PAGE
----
The Happy Prince


Opening Friday, Nov. 2

British actor Rupert Everett writes, directs, and stars in The Happy Prince, a grim portrait of literary bon vivant Oscar Wilde. The darkness is deliberate. Everett chooses to set his story in the tragic last years of Wilde’s life, when the great writer, once the most famous person in London, is reduced to penury and exile.

At the height of his fame, Wilde was as close to being an out gay man as it was possible to be in Victorian England, and it cost him dearly. He was imprisoned in 1895 and sentenced to two years hard labor, the maximum punishment, for the crime of “gross indecency with men.”

In Everett’s telling, prison has ejected Wilde as a deeply damaged soul. He briefly rekindles his doomed romance with aristocratic lover Bosie Douglas (Colin Morgan), but Wilde is incapable of enjoying the old pleasures. The absinthe and cocaine aren’t the enhancers they used to be. They’re numbing agents. Wilde doesn’t even bother to attempt any writing, though that doesn’t stop him from accepting advances from three publishers for his next play. The old rogue.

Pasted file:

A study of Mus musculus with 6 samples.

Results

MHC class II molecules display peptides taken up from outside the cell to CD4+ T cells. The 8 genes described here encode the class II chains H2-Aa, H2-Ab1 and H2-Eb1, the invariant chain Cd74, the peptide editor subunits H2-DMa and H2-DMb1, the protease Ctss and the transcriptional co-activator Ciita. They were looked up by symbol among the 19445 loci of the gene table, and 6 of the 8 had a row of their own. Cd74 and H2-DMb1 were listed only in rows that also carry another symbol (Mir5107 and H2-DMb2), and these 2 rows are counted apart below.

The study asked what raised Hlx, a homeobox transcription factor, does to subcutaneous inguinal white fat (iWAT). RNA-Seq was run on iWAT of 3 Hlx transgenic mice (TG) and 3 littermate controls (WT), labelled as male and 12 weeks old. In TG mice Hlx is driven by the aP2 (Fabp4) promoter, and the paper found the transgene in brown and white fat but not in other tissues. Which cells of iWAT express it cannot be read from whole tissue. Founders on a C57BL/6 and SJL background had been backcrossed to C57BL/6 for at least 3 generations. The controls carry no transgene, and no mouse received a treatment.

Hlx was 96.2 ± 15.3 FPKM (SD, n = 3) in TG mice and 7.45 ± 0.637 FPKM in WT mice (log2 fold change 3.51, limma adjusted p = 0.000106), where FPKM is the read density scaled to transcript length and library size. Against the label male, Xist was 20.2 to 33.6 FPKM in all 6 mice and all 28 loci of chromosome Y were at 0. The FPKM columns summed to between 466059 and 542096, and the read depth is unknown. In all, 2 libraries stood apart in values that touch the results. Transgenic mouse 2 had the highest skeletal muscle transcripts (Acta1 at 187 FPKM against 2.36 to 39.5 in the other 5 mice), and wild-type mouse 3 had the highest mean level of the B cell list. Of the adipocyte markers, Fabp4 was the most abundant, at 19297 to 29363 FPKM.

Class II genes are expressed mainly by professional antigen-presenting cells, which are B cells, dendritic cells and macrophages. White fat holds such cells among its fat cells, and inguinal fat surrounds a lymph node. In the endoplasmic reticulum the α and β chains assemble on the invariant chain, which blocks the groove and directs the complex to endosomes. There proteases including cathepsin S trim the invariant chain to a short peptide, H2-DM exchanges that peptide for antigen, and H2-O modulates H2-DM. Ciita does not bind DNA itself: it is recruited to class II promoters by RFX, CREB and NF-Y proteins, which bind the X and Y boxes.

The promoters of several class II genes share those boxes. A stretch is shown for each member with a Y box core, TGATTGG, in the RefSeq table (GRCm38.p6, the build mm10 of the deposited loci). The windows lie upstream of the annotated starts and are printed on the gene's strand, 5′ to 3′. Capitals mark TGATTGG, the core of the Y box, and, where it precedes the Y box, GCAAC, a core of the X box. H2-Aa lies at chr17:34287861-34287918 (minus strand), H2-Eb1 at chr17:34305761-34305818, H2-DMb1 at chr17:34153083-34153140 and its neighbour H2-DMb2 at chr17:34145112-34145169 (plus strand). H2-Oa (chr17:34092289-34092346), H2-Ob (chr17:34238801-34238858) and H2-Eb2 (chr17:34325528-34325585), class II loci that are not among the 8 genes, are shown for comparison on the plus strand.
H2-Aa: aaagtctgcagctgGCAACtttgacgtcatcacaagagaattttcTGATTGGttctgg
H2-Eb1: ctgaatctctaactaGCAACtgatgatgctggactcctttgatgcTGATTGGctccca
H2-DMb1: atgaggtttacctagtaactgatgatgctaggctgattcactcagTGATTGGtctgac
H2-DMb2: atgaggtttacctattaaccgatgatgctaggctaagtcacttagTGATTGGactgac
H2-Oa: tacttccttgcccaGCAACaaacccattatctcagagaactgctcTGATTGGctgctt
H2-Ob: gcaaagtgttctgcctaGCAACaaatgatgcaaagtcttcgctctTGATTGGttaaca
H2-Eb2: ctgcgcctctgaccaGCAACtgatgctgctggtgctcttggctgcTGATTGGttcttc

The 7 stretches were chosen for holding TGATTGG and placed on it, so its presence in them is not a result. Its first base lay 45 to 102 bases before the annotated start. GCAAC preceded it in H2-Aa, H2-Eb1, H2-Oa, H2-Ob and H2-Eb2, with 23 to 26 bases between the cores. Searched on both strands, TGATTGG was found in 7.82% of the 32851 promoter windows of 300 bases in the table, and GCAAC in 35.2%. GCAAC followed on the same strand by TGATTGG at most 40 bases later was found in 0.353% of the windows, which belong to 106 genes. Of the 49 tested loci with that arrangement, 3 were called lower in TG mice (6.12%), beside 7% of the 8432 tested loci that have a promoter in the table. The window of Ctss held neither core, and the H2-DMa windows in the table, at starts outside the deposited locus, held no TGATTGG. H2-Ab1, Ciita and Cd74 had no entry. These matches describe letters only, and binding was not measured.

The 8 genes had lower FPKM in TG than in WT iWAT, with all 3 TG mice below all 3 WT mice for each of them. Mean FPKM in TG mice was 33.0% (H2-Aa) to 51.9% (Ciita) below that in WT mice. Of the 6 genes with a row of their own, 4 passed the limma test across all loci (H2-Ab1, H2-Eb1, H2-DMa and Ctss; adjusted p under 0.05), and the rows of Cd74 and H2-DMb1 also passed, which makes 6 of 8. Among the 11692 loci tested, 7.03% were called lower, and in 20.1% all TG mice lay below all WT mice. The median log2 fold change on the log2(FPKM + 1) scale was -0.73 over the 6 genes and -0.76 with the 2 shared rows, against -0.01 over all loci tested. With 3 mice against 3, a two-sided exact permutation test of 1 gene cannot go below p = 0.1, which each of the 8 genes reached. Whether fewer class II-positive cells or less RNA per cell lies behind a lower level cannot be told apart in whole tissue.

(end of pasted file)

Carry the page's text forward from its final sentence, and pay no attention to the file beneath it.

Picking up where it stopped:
The Happy Prince is a long-percolating passion project for Everett, the actor, activist, and heir apparent to the Wildean spirit. Everett buries his chiseled beauty beneath prosthetics for the role (I didn’t even recognize him) and delivers a ferocious performance. Wilde’s famous wit has curdled into something more toxic in poverty, and you can feel the pain throbbing beneath the bitter quips. “I’m dying beyond my means,” he says.

As lead actor, Everett is easily the film’s strongest asset, even as other ace British role-players fill the frame (Colin Firth, Emily Watson, Tom Wilkinson in wicked cameo). But as a storyteller and first-time filmmaker, Everett stumbles. The flashback sequences are confusing, and the main structural device—a recitation of Wilde’s fable The Happy Prince, told in bits and pieces—simply never registers. I had to go read about it afterward. Movies shouldn’t require homework.

But then, passion projects are always a tricky business. Everett’s performance is so powerful, so astonishing, as if he’s plugged into some high-voltage time-travel wire directly to Wilde’s tortured soul. That’s good for the performance, not so good for the storytelling, which too often meanders into sentiment, pathos, and a kind of self-consciously bleak grandeur. I suspect Wilde the dramatist would have winced a little at Everett’s dark and earnest tribute.